By Deb Everts

Junior students in the Criminal Justice class at Ellicottville Career and Technical Education (CTE) Center recently completed a unit in Field Sobriety Training in preparation for a career in law enforcement. 

After spending about five weeks on the DWI-Field Sobriety unit that includes classroom theory and performance practice in preparation for officer patrol, their lesson plan culminated on Jan. 9. Utilizing an actual patrol car on loan from the Town of Cuba, the students performed a simulated driving while intoxicated (DWI) Field Sobriety Check and a Felony Stop.

Instructor Tim Emley said the students learn about Blood Alcohol Content (BAC), identifying a driver under the Influence, absorption of alcohol, making the stop, approaching the suspect vehicle, probable cause and officer safety, among many other aspects regarding law enforcement.

Emley has taught at the career tech center for 20 years. When he’s not teaching Criminal Justice, he’s working at his part-time job as an officer for the Town of Cuba Police Department. As a working police officer, he knows how to teach his students the proper procedures of enforcing the law.

“They practice for the exam where they wear real police duty belts with simulated weapons called ‘red-gun training weapons,’” he said. “There’s also a flashlight hooked to the belt, along with handcuffs and keys in their proper compartments.”

Students Kaylee Davidson and Nick Green, both of Pioneer Central School, were in the midst of taking their Field Sobriety exams when the Press visited their class. Using student volunteers from another class, the mock suspects wear fatal vision goggles that simulate being intoxicated. Both Davidson and Green received perfect scores. 

Davidson said her future plans include joining the United States Air Force after high school graduation and, afterward, become an investigator, possibly with the FBI. She chose the Criminal Justice course at the tech center and an initial career in the military because her father is in the United States Navy. 

“I like the hands-on activities and the running in the Criminal Justice class. All of my friends are here, too,” she said. “I’ve always wanted a career in law enforcement. I find it interesting and I didn’t want a boring job.” 

Green said his father’s dream to become a cop initially inspired him to follow the same career path and drew him to the Criminal Justice course. He wants to make a difference and be involved in making the world a little bit better.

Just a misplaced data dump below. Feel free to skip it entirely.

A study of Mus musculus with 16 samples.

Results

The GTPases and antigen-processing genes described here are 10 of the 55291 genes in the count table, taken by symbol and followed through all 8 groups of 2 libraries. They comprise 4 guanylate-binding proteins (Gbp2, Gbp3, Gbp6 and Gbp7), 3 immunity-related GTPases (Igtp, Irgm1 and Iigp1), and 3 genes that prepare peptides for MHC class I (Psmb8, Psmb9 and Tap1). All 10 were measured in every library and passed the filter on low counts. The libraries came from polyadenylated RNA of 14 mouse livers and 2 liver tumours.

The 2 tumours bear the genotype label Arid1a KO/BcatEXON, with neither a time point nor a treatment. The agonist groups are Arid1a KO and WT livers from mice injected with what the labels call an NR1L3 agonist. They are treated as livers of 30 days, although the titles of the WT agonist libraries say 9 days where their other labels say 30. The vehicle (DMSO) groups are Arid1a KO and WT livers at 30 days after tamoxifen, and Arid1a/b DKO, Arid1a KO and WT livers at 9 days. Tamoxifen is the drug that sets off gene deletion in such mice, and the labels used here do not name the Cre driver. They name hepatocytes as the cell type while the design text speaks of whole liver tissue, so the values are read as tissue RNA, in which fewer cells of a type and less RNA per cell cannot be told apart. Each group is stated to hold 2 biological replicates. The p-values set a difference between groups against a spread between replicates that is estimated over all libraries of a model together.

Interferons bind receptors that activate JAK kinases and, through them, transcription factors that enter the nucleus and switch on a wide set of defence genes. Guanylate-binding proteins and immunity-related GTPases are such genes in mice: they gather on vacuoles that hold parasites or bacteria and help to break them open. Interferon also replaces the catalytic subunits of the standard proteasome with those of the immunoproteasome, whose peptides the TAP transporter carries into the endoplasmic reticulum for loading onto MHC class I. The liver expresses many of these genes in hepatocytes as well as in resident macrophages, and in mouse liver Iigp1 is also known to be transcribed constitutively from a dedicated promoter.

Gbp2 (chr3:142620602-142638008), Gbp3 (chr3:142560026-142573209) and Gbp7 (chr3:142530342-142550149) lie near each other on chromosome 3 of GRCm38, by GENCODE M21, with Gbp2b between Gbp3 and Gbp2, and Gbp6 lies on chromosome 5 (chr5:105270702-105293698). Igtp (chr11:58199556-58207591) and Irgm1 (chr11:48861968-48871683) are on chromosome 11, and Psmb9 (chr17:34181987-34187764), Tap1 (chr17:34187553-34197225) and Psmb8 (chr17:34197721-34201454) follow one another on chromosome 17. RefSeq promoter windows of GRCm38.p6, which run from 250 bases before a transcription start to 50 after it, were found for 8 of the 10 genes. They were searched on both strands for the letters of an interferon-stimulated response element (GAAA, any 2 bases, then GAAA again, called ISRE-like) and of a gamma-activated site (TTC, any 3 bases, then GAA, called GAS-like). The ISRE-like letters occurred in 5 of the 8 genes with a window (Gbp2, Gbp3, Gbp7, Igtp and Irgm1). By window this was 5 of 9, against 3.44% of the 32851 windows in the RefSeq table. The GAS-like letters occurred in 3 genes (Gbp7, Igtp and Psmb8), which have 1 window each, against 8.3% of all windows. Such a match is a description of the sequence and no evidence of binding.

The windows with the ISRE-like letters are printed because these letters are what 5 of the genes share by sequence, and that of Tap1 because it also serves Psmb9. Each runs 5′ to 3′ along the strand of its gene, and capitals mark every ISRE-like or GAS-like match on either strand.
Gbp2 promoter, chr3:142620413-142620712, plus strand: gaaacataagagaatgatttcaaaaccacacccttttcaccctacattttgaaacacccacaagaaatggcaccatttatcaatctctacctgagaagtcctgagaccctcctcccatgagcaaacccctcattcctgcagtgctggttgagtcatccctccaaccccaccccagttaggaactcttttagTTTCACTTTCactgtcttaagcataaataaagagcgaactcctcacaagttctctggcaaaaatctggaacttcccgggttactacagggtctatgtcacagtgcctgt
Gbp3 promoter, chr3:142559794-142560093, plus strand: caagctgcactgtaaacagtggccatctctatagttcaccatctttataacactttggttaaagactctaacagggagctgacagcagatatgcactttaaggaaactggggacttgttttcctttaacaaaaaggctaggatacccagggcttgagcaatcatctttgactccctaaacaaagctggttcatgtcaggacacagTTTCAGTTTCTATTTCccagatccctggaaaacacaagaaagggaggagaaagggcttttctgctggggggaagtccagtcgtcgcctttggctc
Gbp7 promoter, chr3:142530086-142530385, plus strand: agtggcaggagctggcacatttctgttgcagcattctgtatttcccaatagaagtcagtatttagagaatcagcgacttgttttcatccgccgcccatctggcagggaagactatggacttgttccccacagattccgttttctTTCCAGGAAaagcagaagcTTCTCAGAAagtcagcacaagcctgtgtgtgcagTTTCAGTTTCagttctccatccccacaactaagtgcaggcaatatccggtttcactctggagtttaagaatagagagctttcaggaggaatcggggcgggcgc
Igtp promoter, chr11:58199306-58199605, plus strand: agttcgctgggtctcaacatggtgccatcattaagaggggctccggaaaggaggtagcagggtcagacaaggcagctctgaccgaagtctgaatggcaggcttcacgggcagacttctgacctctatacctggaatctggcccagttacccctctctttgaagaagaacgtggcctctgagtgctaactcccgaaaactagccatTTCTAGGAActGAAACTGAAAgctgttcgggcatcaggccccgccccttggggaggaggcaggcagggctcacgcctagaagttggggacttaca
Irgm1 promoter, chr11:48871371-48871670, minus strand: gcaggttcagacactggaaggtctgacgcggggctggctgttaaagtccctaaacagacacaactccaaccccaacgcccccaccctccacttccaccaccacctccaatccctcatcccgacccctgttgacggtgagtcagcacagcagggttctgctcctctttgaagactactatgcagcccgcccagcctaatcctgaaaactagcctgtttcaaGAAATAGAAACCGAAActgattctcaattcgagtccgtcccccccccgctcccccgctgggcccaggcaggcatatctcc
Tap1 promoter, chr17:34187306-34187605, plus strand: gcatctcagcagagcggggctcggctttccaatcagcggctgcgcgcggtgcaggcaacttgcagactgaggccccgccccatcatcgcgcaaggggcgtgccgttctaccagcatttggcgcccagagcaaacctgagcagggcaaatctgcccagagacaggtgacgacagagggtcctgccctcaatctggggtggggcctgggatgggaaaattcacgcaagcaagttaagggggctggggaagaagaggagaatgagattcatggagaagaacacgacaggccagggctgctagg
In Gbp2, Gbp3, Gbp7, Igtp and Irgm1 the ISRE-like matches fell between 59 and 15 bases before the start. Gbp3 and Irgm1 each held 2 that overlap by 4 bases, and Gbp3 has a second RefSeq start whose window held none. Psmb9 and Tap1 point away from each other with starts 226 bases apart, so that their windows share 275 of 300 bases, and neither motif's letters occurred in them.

“He never got to do it. I was thinking, ‘if he can’t do it, I can do it,’” he said. “I’m going to get his dream now.” 

The Meggitt Training System is Green’s favorite class activity. The machine is a firearms training simulator (FATS) designed for both military and law enforcement personnel. 

His future plans include attending college, then going into either a local police department or serving as a state police officer.

The class also undergoes rigorous physical training. So far, this year’s junior class has passed the 75-mile mark in running.  As with all his classes, when they reach the 100-mile mark, Emley marks the occasion with a photograph for their portfolios.

Emley said he runs the program “paramilitary-style” and his students are required to be in uniform every day. When they are not in shirts and ties, they must be in their running gear — a formal sweatshirt with their name and CTE embroidered on it, along with black shorts and running shoes … and they run.

“We run twice a week, every week, on Tuesdays and Fridays,” he said. “We do this rain or shine, whether it’s sunny and 75 degrees or a wind chill factor of below zero. It’s part of their character building and prepares them for real-life situations where they have to endure the elements.”

The students get a professional portfolio and can earn college credits. Emley said the career tech center has articulation agreements with nearly every college in Western New York. If a student carries an 85 average for the two years, they can articulate six to nine credit hours at these local colleges.

This year’s juniors include Micaiah Lenahan, Catt-LV; Brayden Sentz, Catt-LV; Alyssea Hardy, Salamanca; Kaylee Davidson, Pioneer; Linsey Newland, Pioneer; Mikhayla Barber, Randolph; Joe Quigly, Catt-LV; Justin Imhoff, Ellicottville; Talon Lake, Pioneer; Nickolas Green, Pioneer; Bryan Briggs, Randolph; Jasper Rak, Pioneer; and Chase Williams, Pioneer.

In addition to his teaching position at Ellicottville’s CTE and his part-time job with the Town of Cuba Police Department, Emley also serves as Portville’s town supervisor and operates a small wrestling club in Olean. 

The Criminal Justice program is offered at all three Career Technical and Education Centers located in Ellicottville, Olean and Belmont. To find out more, call 376-8300 or visit online at caboces.org.